Once you’ve instructed your solicitor or conveyancer the sales process can begin. In this article we’ll run through the different stages of a sale.
Pre contract work: 2 weeks
Appoint conveyancer, conduct searches, survey, draft contract.
Time for buyer mortgage - 4 weeks
Draft contract: 2 - 10 weeks
Review survey, review searches report, answer outstanding questions.
Time between exchanging: 1 weeks
Total time from offer accepted to completion: 12-16 weeks
The first step is completing in-depth questionnaires about the property and what’s included in the sale. We’ve covered these in this article but to quickly run through them:
TA6: General questionnaire about the property which includes boundaries, disputes, complaints, known developments, building works, council tax, utilities and contact details.
TA7: Only applicable if you don’t own the freehold.
TA10: Provides details over the fixtures and fittings included in the sale.
TA13: Includes finalising details such as the hand over the keys, how and where you will complete and ensuring the property is free of mortgage and liabilities claims.
While this is happening buyers will be conducting surveys on the property to check the structural integrity of the property by checking for things like damp and subsidence.
Your solicitor will use the information from the questionnaire to draft a contract that will be sent to the buyers. There will be negotiations over this contract which include:
Date of completion, usually 7-28 days after the exchange of contracts
What fixtures and fittings are included and how much a buyer will pay for them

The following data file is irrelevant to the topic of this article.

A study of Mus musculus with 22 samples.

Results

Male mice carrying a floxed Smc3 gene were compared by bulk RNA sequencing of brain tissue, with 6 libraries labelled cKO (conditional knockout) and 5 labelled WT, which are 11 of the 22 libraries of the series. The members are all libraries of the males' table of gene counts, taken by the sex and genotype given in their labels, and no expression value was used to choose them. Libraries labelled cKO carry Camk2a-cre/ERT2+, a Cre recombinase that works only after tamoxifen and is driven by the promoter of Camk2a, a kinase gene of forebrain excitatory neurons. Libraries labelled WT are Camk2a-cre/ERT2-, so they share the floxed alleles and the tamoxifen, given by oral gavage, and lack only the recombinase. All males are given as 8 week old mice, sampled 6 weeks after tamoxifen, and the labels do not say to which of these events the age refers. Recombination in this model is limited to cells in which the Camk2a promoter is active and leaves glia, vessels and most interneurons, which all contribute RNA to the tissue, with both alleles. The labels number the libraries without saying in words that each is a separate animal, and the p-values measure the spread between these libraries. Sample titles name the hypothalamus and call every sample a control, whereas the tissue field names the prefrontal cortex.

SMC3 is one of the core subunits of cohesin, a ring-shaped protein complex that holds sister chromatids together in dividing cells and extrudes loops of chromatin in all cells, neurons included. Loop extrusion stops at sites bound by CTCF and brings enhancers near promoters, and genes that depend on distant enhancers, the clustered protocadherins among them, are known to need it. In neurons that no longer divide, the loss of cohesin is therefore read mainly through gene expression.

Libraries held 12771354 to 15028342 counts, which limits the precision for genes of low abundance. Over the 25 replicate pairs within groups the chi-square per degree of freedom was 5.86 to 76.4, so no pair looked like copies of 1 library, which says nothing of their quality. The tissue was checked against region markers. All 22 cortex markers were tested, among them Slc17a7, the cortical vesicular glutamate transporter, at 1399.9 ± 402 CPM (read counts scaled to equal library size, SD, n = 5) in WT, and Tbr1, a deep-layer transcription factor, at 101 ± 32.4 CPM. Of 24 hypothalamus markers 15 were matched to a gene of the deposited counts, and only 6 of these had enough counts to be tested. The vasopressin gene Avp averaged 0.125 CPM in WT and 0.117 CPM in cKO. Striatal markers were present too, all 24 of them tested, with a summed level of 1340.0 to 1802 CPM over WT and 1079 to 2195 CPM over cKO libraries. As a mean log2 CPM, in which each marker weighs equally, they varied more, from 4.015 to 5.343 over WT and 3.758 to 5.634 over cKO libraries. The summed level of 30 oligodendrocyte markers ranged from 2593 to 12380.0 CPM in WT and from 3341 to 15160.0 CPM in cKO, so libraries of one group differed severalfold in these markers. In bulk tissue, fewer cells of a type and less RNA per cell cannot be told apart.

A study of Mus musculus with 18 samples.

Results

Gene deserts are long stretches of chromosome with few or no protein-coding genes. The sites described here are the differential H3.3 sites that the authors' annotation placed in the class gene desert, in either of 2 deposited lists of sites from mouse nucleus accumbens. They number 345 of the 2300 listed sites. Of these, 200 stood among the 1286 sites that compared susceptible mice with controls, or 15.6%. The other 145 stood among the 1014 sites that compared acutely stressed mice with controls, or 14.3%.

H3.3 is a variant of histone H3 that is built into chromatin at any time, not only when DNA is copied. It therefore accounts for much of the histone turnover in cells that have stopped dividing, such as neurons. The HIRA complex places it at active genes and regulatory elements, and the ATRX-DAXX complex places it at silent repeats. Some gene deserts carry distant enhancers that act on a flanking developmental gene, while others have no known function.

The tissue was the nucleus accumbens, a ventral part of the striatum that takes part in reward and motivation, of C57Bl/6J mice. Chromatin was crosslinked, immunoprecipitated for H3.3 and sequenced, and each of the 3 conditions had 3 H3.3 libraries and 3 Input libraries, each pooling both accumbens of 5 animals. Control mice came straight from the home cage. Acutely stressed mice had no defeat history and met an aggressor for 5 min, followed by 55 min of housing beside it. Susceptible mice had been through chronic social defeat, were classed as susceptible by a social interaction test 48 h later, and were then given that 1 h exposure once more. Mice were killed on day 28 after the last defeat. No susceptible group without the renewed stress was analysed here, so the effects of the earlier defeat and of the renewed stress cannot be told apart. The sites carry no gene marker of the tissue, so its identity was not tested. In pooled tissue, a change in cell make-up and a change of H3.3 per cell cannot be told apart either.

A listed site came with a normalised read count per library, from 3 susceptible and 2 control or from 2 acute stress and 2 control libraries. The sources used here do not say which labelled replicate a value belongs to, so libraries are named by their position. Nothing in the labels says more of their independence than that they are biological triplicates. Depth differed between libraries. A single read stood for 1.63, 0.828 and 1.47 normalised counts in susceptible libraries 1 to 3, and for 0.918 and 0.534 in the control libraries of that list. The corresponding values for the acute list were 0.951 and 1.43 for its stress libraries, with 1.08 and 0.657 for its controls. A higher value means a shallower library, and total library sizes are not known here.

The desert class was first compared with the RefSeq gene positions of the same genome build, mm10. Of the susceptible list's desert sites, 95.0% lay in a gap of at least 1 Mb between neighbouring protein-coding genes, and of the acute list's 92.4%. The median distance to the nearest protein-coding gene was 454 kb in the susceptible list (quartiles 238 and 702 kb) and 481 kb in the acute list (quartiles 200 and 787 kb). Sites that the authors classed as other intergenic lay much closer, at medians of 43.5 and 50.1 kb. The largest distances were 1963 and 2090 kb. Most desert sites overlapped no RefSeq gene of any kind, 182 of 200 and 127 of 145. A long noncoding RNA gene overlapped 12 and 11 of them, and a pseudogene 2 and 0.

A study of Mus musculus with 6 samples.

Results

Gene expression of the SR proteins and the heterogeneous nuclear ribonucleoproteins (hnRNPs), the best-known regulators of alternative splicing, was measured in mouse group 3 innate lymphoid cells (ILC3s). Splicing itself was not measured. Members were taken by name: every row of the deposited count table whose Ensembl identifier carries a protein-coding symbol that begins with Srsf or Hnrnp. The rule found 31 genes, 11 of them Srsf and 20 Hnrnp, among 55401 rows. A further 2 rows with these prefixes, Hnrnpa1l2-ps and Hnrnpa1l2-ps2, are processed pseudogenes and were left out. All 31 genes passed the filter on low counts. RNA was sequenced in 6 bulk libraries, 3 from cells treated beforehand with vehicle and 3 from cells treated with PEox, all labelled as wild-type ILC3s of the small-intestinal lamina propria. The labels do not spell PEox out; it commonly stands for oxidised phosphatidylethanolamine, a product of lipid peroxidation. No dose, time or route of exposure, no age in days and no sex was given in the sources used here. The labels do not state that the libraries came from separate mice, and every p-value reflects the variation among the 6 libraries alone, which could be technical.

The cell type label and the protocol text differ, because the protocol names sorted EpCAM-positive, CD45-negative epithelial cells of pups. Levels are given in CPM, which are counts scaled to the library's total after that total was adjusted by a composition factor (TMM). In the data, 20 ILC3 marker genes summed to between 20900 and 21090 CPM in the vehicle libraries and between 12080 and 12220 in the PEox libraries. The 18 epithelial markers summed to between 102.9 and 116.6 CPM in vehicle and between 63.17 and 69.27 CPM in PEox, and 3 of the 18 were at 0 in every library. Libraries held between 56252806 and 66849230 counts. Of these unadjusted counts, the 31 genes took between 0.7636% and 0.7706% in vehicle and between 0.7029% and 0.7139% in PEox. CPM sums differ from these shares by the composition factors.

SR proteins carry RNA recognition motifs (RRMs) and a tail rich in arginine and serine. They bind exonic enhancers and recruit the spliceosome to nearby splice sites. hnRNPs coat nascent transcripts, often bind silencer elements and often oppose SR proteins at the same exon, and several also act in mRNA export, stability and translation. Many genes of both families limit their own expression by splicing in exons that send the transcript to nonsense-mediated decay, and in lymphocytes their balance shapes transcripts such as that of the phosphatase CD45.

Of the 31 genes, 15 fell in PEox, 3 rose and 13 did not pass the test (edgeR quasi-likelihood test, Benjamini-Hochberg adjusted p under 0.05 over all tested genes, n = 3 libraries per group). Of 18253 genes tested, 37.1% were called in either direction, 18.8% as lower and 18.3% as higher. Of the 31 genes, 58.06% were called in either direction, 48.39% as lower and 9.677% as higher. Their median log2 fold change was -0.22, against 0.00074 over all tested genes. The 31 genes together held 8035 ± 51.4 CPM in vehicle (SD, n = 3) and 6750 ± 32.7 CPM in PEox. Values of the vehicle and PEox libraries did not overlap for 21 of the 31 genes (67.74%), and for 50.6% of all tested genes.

Who will fix issues raised by the buyers survey or an update to the sales price which reflects the surveys outcomes.
Paying off your mortgage
Before enchanting contracts, you’ll need to pay off your mortgage by requesting a redemption figure from your mortgage company. This is how much you’ll pay upon completing the sale.
Exchanging contracts and completion
At the agreed time your solicitor or conveyancer will exchange contracts for you. This is done by both the buyers and sellers legal representatives making sure the contracts are identical before sending them in post to one another.
If there is a chain the solicitors or conveyancer will do the same thing but will only release it if other people in the chain are happy to go ahead. This way if one person pulls out or delays then everyone in the chain gets held up.
Once contracts are exchanged you are in a legally binding contract to sell the property. This means that if either of you pull out at this point they will be liable and the other party can sue. Exchanging contracts also means you cannot accept any other offers on the property.